Monday, September 24, 2012

Trials and tribulations at the library

At the end of July I checked three books out of the library. Then I brought them back and checked out three more books. On August 15 I got a notification that the books I had already returned were overdue. So I called the library and said, I did return those books, and they marked them as "Claimed returned."

Shortly afterwards I tried to renew (online) one of my new books, and it said I was not allowed to renew this book because I had three OVERDUE books. Okay. I decided to go back to the library and discuss this with a person.

Then Hurricane Isaac intervened. I had checked all these books out from a branch library, but they actually belonged to the main library. On the Saturday after Isaac, my branch library was still closed but the main library was open, so I went down there.

Friday, September 21, 2012

The pronoun problem

Pronouns are little tiny words that, really, carry a much larger weight than seems appropriate for their size. Pronouns mean a lot. In English, we use different pronouns to refer to men and women. Not all languages have gender-specific pronouns (and some languages go overboard with gender and decide that chairs are female and love is male.) But here in English, when we say "he" or "she" we are frequently piling all of our assumptions about gender onto that small word. We look at someone and decide which pronoun to use for them. And if they tell us that we got it wrong . . .

I myself have been struggling with the pronoun problem. I am trying to fit my definitions of gender into one tiny word. It's a pain. But I can't live with the tiny word I was assigned at birth. So I have to change it. I am trying to decide between "he" and "ze." They each have their pros and cons.

Friday, September 7, 2012

Lazy Manicotti

Did you know that you don't have to mess around with manicotti (stuffed shells) or lasagna noodles? You can use all the same ingredients to make a much easier dish. This recipe is from the New York Times International Cookbook (1971 edition.)


  • 1 lb. fresh spinach leaves (or 10 oz. package frozen chopped spinach, thawed and squeezed dry)
  • 1 (15 ounce) container ricotta cheese
  • 2 eggs
  • 2 teaspoons minced fresh parsley (optional)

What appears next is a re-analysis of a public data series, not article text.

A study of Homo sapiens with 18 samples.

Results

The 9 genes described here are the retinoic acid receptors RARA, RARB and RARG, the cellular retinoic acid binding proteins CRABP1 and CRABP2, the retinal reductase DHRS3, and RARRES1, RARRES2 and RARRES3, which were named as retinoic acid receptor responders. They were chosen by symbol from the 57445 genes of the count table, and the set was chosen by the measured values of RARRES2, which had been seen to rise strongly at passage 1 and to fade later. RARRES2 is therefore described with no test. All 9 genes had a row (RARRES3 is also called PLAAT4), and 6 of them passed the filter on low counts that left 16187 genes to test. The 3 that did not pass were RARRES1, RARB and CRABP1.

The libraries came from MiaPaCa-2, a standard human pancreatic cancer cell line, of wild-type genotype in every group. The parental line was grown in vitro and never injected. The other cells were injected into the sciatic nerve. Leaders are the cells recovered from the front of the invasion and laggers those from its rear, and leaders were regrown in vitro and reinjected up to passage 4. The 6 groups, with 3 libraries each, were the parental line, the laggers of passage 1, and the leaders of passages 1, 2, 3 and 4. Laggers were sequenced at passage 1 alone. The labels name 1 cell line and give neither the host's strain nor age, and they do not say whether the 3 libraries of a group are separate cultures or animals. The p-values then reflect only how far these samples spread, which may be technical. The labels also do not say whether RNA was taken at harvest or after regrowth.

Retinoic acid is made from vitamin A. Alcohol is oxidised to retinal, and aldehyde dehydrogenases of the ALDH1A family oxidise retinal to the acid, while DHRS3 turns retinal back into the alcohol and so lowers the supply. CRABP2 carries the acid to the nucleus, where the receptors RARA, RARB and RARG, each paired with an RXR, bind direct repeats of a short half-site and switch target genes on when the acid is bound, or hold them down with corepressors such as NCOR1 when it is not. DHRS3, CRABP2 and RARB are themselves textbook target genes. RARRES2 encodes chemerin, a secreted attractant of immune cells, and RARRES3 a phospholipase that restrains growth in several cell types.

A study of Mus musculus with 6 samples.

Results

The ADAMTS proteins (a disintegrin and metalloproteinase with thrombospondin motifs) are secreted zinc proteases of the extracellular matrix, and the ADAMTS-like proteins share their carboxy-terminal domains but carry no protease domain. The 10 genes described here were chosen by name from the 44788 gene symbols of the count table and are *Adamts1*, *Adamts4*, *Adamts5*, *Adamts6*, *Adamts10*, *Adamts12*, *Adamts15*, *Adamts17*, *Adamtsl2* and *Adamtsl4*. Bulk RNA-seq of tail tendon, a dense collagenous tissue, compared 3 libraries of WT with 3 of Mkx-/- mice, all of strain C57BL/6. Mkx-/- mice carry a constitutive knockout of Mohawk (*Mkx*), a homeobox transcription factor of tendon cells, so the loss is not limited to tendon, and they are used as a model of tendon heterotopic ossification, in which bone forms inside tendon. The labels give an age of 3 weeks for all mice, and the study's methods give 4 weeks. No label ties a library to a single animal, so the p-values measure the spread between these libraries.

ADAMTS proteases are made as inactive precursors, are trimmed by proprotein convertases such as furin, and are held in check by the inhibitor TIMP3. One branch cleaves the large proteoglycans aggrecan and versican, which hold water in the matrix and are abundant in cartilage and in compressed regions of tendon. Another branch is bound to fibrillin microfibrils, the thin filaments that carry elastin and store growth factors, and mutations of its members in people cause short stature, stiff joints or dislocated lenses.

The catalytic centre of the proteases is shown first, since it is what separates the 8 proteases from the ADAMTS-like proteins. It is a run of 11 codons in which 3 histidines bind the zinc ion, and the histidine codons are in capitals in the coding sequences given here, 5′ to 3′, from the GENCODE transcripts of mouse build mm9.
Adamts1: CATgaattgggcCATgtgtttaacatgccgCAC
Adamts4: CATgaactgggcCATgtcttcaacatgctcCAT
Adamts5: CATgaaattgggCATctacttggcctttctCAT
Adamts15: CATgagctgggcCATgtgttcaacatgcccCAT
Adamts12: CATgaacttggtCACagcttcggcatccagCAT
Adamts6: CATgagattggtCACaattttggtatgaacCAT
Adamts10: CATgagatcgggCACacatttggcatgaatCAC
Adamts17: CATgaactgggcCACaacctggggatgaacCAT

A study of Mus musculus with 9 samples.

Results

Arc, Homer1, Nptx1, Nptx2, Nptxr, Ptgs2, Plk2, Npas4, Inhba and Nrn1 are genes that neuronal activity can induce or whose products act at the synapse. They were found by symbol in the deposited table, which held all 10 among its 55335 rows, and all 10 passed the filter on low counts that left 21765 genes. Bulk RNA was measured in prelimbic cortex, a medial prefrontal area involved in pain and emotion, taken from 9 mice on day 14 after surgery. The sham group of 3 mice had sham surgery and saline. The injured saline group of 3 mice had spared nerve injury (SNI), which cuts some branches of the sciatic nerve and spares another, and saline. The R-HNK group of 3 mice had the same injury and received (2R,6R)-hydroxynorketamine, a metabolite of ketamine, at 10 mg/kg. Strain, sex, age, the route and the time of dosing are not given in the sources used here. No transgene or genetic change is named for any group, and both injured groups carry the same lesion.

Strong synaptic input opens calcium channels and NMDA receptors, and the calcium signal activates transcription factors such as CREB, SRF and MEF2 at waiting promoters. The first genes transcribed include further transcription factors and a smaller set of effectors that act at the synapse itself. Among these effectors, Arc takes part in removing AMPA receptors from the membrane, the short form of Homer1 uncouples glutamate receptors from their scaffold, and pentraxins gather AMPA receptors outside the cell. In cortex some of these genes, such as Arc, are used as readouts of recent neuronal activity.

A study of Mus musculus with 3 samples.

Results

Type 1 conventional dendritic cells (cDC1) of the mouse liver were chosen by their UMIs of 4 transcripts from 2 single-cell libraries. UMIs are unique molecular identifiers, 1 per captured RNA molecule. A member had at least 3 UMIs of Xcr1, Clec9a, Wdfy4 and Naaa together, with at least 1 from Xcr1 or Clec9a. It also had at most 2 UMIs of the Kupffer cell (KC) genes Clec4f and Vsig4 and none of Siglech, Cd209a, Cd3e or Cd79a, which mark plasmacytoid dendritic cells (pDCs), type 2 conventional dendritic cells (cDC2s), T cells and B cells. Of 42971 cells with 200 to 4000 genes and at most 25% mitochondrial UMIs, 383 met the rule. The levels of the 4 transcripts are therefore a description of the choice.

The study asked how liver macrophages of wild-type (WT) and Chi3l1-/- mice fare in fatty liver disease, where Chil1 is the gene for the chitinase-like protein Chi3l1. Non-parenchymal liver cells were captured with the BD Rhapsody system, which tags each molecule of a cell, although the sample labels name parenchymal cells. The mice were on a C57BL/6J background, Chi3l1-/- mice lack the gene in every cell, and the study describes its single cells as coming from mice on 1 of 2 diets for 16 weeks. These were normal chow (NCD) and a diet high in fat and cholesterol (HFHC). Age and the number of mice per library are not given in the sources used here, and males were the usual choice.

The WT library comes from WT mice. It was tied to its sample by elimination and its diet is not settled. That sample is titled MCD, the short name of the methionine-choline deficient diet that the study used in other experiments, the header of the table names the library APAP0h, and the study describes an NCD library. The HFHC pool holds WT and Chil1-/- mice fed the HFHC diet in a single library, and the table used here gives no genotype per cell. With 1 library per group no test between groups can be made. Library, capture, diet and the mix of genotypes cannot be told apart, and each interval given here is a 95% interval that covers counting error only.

• salt and pepper to taste
  • about 1/2 cup grated Parmesan cheese
  • 3-4 cups marinara sauce
  • 1 lb. tubelike pasta such as penne or elbows


  1. Preheat oven to 350 degrees F (175 degrees C).
  2. Rinse fresh spinach leaves, put them in a large pot, and steam for just a couple minutes, until wilted. You shouldn't have to add any water - just use the water that clings to the leaves. Once they have started to wilt, stir so that the uncooked leaves go to the bottom.
  3. Pour spinach into a colander and let cool for a while. When cool enough to handle, squeeze out as much of the water as you can.
  4.  In a large bowl, combine ricotta, spinach, tomato sauce, and eggs. Season with parsley, pepper and salt (if desired.)
  5. Rinse out the spinach cooking pot, fill with water and bring to a boil. Cook the pasta for only two minutes (four minutes if using whole-grain pasta.) You want it to be seriously al dente. Drain and add to the ricotta mixture.
  6.  If desired, spread 1 cup sauce in the bottom of a 9x13 inch baking dish. Otherwise, just oil the pan. Pour everything into the pan and sprinkle with grated Parmesan.
  7. Bake uncovered in preheated oven for about 30 minutes, until pasta is soft but not mushy.
Notes: the original recipe calls for 3 eggs, additional Parmesan in the filling, and two pounds of spinach (including stems.) I buy spinach leaves and 1 pound seems to be sufficient. I haven't tried it with frozen spinach myself. Also I don't always have parsley on hand.